Although it falls under the “track and field” umbrella and is grouped together with many sports that place their emphasis on cardiovascular endurance, throwing requires an immense amount of explosive strength. The power used in all throwing events, including discus and shot put, comes from a complicated, full-body motion that allows every ounce of your effort to be channeled into your throw. Regardless of what technique you favor, then, whether you throw with a glide or a ration, all throwers can benefit from a well-designed strength training routine.
Building the Workout
It’s true that you will likely experience benefits from following a general weight lifting routine but this type of training could still leave something lacking for the thrower. Since it doesn’t mimic the movement, and therefore the stress on your body, of a throw you could be risking an injury.
A functional routine, however, would copy what your body experiences during a throw and thus give it an opportunity to adapt. So, in designing your workouts, break your technique down into stages and select a series of exercises that simulate each stage.
For example, your obliques and other muscles of your core are key in the rotation, as are those in your hips. But your arms, chest and shoulders each play a vital role in the final steps of the throw. By selecting exercises for each of these muscle groups that expose it to what you will expect of it during the actual throw, you make a focused effort that allows each muscle to strengthen in very precise ways.
Strength isn’t the only aspect to consider, though. Flexibility and overall range of motion come into play as well. In the same vein, well-chosen exercises will copy the movement that each joint will experience during a throw.
Simply put: pick exercises that look and feel like a throw.
While you can be creative with your training and utilize whatever resistance you have available to you, the most obvious choice is the medicine ball. These large, weighted balls will build your dexterity and grip in addition to the benefits we’ve just discussed.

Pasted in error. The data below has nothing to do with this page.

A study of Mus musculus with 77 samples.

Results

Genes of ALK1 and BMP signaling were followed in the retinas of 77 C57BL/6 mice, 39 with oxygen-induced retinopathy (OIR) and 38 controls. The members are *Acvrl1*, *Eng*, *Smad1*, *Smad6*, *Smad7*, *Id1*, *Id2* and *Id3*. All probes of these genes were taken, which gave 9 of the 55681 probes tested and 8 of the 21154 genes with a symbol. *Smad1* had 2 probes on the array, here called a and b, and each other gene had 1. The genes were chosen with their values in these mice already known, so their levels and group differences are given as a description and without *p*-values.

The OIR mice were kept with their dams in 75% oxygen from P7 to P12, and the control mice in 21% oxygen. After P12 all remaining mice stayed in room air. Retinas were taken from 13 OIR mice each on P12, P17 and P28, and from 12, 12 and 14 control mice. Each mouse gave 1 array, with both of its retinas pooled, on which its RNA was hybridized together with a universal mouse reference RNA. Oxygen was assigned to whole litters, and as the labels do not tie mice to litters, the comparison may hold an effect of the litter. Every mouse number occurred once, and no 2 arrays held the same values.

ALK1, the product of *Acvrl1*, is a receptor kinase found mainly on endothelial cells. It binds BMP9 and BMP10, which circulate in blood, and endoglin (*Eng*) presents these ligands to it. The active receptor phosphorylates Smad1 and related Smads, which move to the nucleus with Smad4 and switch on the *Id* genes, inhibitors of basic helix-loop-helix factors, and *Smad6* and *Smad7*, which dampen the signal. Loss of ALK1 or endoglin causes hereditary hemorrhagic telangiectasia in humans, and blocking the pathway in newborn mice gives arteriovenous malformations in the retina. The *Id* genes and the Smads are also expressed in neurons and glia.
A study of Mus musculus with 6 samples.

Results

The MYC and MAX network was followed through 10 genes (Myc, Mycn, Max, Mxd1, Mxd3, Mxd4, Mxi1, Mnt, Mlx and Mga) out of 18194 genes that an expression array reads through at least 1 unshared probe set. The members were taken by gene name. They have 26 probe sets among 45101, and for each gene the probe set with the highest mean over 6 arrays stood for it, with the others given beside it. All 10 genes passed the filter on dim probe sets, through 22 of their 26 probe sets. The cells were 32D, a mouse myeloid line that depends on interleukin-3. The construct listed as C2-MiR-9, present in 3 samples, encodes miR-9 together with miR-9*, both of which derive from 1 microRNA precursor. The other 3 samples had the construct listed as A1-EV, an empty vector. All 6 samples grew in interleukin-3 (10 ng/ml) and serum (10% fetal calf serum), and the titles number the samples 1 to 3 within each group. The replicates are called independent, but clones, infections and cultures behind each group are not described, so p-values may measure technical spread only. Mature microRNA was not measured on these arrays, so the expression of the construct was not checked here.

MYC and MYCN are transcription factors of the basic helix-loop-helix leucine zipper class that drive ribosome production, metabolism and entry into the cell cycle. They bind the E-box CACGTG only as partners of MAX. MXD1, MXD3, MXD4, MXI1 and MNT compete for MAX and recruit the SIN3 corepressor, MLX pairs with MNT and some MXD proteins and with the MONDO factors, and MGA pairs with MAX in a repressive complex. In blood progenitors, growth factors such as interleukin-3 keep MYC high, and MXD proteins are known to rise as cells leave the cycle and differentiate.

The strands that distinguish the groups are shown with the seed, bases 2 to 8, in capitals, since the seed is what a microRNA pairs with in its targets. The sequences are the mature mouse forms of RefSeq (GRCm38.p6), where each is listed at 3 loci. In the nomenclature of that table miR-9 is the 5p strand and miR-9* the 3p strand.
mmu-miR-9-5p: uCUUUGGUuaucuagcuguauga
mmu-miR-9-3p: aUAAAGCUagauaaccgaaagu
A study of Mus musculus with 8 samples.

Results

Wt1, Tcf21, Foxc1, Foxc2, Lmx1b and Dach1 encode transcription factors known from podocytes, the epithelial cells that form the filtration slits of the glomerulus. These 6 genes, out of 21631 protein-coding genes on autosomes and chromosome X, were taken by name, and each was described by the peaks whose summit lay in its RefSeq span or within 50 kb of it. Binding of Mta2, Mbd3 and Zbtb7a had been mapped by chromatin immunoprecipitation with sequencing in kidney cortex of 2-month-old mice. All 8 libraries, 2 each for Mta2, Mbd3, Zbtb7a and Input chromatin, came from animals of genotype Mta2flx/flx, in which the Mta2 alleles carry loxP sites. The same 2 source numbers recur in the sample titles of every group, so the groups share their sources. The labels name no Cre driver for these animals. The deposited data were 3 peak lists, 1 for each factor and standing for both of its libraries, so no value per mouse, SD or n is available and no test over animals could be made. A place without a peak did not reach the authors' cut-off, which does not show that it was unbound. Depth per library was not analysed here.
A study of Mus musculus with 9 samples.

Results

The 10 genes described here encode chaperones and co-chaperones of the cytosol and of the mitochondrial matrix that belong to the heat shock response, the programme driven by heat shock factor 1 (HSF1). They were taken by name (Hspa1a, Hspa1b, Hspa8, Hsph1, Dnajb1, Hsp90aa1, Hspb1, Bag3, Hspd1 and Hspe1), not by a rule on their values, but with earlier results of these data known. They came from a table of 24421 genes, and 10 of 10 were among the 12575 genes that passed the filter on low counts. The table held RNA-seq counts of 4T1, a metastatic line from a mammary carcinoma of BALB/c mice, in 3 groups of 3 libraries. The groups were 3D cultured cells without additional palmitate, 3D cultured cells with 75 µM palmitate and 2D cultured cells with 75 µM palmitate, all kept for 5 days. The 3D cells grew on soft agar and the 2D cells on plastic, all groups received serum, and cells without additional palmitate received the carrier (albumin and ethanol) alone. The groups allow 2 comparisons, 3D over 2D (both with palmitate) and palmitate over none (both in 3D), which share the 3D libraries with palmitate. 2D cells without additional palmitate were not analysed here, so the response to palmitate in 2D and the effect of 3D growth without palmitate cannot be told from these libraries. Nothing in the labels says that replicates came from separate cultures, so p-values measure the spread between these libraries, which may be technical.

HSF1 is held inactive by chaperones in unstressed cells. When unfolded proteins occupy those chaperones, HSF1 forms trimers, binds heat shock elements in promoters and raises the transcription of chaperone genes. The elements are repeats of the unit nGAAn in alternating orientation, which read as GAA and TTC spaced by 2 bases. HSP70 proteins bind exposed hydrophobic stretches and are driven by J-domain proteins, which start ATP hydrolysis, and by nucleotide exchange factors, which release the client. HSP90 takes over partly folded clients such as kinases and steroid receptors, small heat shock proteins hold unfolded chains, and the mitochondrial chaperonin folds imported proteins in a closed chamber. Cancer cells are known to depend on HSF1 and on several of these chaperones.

One challenging, but effective exercise is the wall bounce. Grab a medicine ball and standing facing a sturdy wall. With a safe distance between you and the wall, throw the ball with a two-handed push, stepping forward with one leg. If you’re right-handed, step with your left and visa versa. The goal is the throw the ball with enough force to make it bounce off the wall so that you can catch the rebound. Start out light and gradually increase the weight of the ball.
A similar drill can be performed with a partner by passing the ball forcefully and quickly between you. When you catch it, cradle it all the way to your chest before tossing it back.
The side arm pass will help to develop your rotational strength and explosive power, as well as your balance. Catch the ball on your side and throw it back to your partner with a follow-through twist. Perform this on both sides. If you don’t have a partner, you can also perform oblique twists with the medicine ball.
Another drill very closely resembles a kettlebell swing. In fact, if you’re working out on your own, the kettlebell swing is a useful alternative. Otherwise, have your partner pass the ball low so that you can catch it between your legs. Quickly swing upwards so that your partner has to catch the ball above his/her head. Make sure to keep your back straight throughout the movement and drop your hips as you lower yourself to catch the ball.
These are just a few of the many drills and exercises that you could use to improve your throws. Please share your favorites in the comments!